Predators Decapitated 240-million-year-old Long-necked Reptiles

Researchers studying the fossilized remains of two Triassic species of Tanystropheus have uncovered gruesome evidence of predator-prey interactions dating back over 240 million years.

Tanystropheus was a marine reptile distantly related to crocodiles, birds, and dinosaurs, and its distinguishing feature was an extremely elongated neck consisting of 13 vertebrae and strut-like ribs.

This unique neck structure likely provided stiffness, allowing the reptiles to lie in wait and ambush their prey. However, recent findings reveal that their long necks also made them vulnerable to predators.

Examination of the fossilized bones of two specimens revealed clear bite marks on their severed necks, with one specimen showing bite marks at the exact location of the break.

This discovery provides rare and graphic evidence of predator-prey interactions in the fossil record, supporting long-standing speculations about the vulnerability of marine reptiles with elongated necks. Previously depicted in a famous 1830 painting by Henry de la Beche, this study marks the first direct evidence of attacks targeting the necks of these reptiles.

Stephan Spiekman from the Staatliches Museum für Naturkunde Stuttgart, Germany, who conducted the study as part of his doctoral work at the Paleontological Museum of the University of Zurich, recognized that two species of Tanystropheus coexisted in the same environment.


Previous specimens of Tanystropheus had well-preserved heads and necks that ended abruptly, leading to speculation about whether their necks had been bitten off.

Spiekman collaborated with Eudald Mujal, an expert on fossil preservation and predatory interactions, to thoroughly examine the two specimens. They concluded that the necks had indeed been severed by another animal, as tooth traces were present.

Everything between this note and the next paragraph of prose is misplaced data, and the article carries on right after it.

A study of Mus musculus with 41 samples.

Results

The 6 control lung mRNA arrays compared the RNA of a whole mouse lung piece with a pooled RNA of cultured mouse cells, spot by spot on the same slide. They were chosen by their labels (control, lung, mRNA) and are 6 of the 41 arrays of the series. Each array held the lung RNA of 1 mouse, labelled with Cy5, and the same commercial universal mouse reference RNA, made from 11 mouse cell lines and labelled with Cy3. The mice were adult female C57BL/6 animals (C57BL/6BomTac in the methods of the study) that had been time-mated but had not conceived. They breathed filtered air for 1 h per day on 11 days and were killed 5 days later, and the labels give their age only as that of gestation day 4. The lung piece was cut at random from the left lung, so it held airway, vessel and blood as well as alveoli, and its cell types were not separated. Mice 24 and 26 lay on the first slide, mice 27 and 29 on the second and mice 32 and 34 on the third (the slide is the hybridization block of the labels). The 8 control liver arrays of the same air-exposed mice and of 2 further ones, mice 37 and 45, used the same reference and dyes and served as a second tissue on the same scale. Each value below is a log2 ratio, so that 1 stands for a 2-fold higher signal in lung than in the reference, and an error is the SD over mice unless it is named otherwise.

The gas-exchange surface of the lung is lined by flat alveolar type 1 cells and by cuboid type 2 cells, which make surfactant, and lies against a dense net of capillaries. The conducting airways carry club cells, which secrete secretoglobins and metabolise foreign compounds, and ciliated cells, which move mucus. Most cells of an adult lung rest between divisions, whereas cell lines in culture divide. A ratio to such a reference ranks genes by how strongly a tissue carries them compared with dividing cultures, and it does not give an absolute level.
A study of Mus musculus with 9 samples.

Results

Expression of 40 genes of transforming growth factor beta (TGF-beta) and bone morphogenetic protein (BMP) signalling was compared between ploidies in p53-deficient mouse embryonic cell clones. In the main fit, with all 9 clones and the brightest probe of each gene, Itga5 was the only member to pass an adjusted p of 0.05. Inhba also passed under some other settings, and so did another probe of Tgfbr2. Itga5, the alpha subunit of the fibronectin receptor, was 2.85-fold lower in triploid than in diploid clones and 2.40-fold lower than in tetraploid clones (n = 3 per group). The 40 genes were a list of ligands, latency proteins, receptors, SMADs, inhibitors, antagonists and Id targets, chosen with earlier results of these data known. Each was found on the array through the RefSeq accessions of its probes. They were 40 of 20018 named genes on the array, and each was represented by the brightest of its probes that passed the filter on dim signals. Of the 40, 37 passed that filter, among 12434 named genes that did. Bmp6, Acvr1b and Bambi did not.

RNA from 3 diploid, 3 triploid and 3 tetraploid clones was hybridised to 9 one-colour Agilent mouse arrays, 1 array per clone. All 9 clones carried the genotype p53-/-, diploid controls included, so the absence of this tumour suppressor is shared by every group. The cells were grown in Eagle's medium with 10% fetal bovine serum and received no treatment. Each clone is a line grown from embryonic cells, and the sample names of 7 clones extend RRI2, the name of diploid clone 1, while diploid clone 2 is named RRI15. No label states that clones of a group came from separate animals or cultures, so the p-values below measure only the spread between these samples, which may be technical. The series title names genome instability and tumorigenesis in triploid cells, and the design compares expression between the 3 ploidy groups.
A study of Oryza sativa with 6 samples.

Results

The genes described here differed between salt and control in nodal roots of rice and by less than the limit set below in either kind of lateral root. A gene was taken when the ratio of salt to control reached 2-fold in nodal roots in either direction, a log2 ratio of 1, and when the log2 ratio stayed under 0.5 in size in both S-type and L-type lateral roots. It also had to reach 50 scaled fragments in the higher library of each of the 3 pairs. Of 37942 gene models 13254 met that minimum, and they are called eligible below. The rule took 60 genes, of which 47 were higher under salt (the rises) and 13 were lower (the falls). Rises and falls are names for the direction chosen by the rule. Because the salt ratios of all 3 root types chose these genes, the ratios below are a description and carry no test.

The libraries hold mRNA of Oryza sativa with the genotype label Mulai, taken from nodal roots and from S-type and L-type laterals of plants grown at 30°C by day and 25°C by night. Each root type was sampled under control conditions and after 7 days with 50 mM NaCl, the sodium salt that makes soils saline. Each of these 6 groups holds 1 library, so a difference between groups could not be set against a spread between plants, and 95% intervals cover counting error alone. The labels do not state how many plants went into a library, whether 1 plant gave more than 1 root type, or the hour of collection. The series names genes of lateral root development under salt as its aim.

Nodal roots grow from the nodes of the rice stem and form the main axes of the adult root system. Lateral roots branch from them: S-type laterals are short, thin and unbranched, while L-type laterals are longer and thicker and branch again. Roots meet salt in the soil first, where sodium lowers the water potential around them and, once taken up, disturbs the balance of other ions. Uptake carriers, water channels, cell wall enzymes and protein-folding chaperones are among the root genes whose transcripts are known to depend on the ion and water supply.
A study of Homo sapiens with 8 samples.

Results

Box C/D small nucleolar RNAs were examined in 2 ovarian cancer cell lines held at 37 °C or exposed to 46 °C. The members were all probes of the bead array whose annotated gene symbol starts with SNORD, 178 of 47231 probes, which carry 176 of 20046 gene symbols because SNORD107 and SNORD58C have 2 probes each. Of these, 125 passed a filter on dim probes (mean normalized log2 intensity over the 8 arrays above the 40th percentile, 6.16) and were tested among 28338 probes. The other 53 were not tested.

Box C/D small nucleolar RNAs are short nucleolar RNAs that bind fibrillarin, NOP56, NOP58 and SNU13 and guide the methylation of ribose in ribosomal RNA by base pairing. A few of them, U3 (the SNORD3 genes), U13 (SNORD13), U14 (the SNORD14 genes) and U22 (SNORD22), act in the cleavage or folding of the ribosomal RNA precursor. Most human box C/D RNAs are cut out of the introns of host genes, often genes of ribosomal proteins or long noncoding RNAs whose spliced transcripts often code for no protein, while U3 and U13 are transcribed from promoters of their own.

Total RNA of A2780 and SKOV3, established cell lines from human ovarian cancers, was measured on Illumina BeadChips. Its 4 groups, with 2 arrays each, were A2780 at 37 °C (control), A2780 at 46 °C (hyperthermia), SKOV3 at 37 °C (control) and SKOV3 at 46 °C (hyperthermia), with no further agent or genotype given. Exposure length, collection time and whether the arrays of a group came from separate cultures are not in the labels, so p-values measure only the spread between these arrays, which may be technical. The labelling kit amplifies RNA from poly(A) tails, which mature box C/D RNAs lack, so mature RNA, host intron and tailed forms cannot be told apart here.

Interestingly, the intact condition of the skulls and necks suggests that when the reptiles were buried, the bones were still covered by soft tissues such as muscle and skin. This implies that the predators may have been less interested in the skinny necks and small heads, focusing instead on the more substantial parts of the body.

The study proposes that both individuals were decapitated during the hunt rather than scavenged, although the possibility of scavenging cannot be fully ruled out in fossils of this age.

The findings confirm that the unique neck structure of Tanystropheus was narrower and stiffer than that of long-necked plesiosaurs, supporting previous interpretations.

Despite the vulnerability associated with long necks, they were a highly successful evolutionary strategy observed in various marine reptiles over a span of 175 million years.

Tanystropheus itself thrived for at least 10 million years and was present in regions that now correspond to Europe, the Middle East, China, North America, and potentially South America.

This research highlights the trade-offs inherent in evolution, with the advantage of a long neck outweighing the risk of predation for an extended period.